Regular ultrasound surveillance of the thyroid revealed that about 7% of adult childhood cancer survivors who had radiation to the head or neck subsequently developed thyroid cancer, according to the results of a single-center Italian study published in the European Journal of Cancer.
“The histologic features of carcinomas diagnosed in our cohort suggest that, in the specific context of childhood cancer survivors, the use of ultrasound for early diagnosis of radiation-induced thyroid cancer may be suitable,” wrote Enrico Brignardello, of CittÃ della Salute e della Scienza Hospital, Turin, Italy, and colleagues.
According to the study, previous research has shown that radiation to the head, neck, or upper thorax at a young age is associated with an increased risk for developing thyroid cancer later in life. Currently, it is recommended that these survivors be screened with annual palpation of the thyroid.
“Although the sensitivity of neck palpation to detect thyroid cancer is low, particularly in early stages, this approach is supported by the observation that radiation-induced thyroid carcinomas are usually well differentiated (ie, papillary and, less frequently, follicular), generally behaving non-aggressively and with excellent survival rates in adults as well as in children,” the researchers wrote.
However, they also noted that thyroid cancer induced by radiation is often more aggressive and there is currently no consensus on the appropriate surveillance in these patients. Therefore, in this study, Brignardello and colleagues reported the results of using routinely performed thyroid ultrasound in childhood cancer survivors.
The study included 197 survivors referred to their clinical from November 2001 to September 2014. All patients underwent ultrasound surveillance starting 5 years after radiation and repeated every 3 years if negative.
During the screening period, 74 survivors (37.5%) developed thyroid nodules and 35 went on to have fine needle aspiration. This ultrasound screening method found differentiated thyroid cancer in 14 patients (7.1%). The median time from radiation therapy to thyroid cancer diagnosis was 13.08 years.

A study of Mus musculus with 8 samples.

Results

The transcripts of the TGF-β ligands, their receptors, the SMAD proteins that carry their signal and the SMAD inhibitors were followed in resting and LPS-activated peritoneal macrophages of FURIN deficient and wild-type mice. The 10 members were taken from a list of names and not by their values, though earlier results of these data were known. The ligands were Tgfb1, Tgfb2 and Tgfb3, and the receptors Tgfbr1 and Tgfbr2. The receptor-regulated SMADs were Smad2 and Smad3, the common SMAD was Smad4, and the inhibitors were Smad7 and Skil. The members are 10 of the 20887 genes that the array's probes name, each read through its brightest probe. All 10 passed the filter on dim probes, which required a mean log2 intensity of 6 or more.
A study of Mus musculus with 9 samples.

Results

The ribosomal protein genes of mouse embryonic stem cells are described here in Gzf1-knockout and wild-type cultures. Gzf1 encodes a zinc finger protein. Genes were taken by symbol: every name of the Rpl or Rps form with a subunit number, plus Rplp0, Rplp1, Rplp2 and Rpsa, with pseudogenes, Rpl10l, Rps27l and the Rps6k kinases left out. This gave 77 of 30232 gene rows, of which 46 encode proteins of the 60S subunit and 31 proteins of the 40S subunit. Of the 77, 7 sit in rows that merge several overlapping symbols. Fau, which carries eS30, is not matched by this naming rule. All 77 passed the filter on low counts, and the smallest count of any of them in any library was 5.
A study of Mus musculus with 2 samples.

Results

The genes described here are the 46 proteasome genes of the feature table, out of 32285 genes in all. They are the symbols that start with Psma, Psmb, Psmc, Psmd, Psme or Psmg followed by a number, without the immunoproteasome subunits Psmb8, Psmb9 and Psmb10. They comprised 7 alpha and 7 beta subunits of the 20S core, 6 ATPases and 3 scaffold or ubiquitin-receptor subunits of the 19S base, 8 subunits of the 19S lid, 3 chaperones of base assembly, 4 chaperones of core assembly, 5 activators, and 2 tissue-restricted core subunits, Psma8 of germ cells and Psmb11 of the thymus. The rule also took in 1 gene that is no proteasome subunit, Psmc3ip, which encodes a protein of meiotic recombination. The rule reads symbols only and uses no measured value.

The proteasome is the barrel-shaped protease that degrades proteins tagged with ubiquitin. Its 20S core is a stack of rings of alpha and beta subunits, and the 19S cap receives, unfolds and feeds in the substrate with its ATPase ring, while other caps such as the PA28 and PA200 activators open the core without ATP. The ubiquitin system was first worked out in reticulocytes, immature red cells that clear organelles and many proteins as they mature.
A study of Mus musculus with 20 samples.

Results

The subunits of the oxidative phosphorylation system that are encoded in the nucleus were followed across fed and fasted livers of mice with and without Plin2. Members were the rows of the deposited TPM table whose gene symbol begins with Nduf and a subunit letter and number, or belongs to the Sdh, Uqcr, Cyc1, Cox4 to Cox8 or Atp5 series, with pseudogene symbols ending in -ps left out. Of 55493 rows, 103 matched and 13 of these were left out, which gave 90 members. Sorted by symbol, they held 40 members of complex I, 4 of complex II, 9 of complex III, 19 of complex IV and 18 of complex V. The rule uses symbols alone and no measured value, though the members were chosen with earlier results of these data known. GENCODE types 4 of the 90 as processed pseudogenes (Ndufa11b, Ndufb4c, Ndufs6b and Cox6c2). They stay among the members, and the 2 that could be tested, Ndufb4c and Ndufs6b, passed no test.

Eleven patients had lesions that were suspicious or diagnostic of thyroid cancer. All of these patients ultimately underwent surgery where thyroid cancer was confirmed. In addition, nine patients with TIR3 cytology went on to have surgery because of their high risk from prior radiation therapy; cancer was diagnosed in three of them.
The researchers noted that 13 of 20 operated nodules were not palpable at the time of surgery. All of the cancers but one were papillary.
“Differentiated thyroid cancer (ie, papillary and, less frequently, follicular carcinoma) generally behave in a non-aggressive way, with excellent survival rates, and this is the reason why in general population ultrasound screening for thyroid cancer is not considered cost effective and should be avoided,” the researchers wrote. “Nevertheless, some evidence has suggested that radiation-induced thyroid cancers have more aggressive biological features, possibly due to RET gene rearrangements. Moreover, it has been recently reported that adolescents and young adults who develop thyroid cancer as a second malignant neoplasm have a significantly decreased overall survival compared to those with primary thyroid cancer.”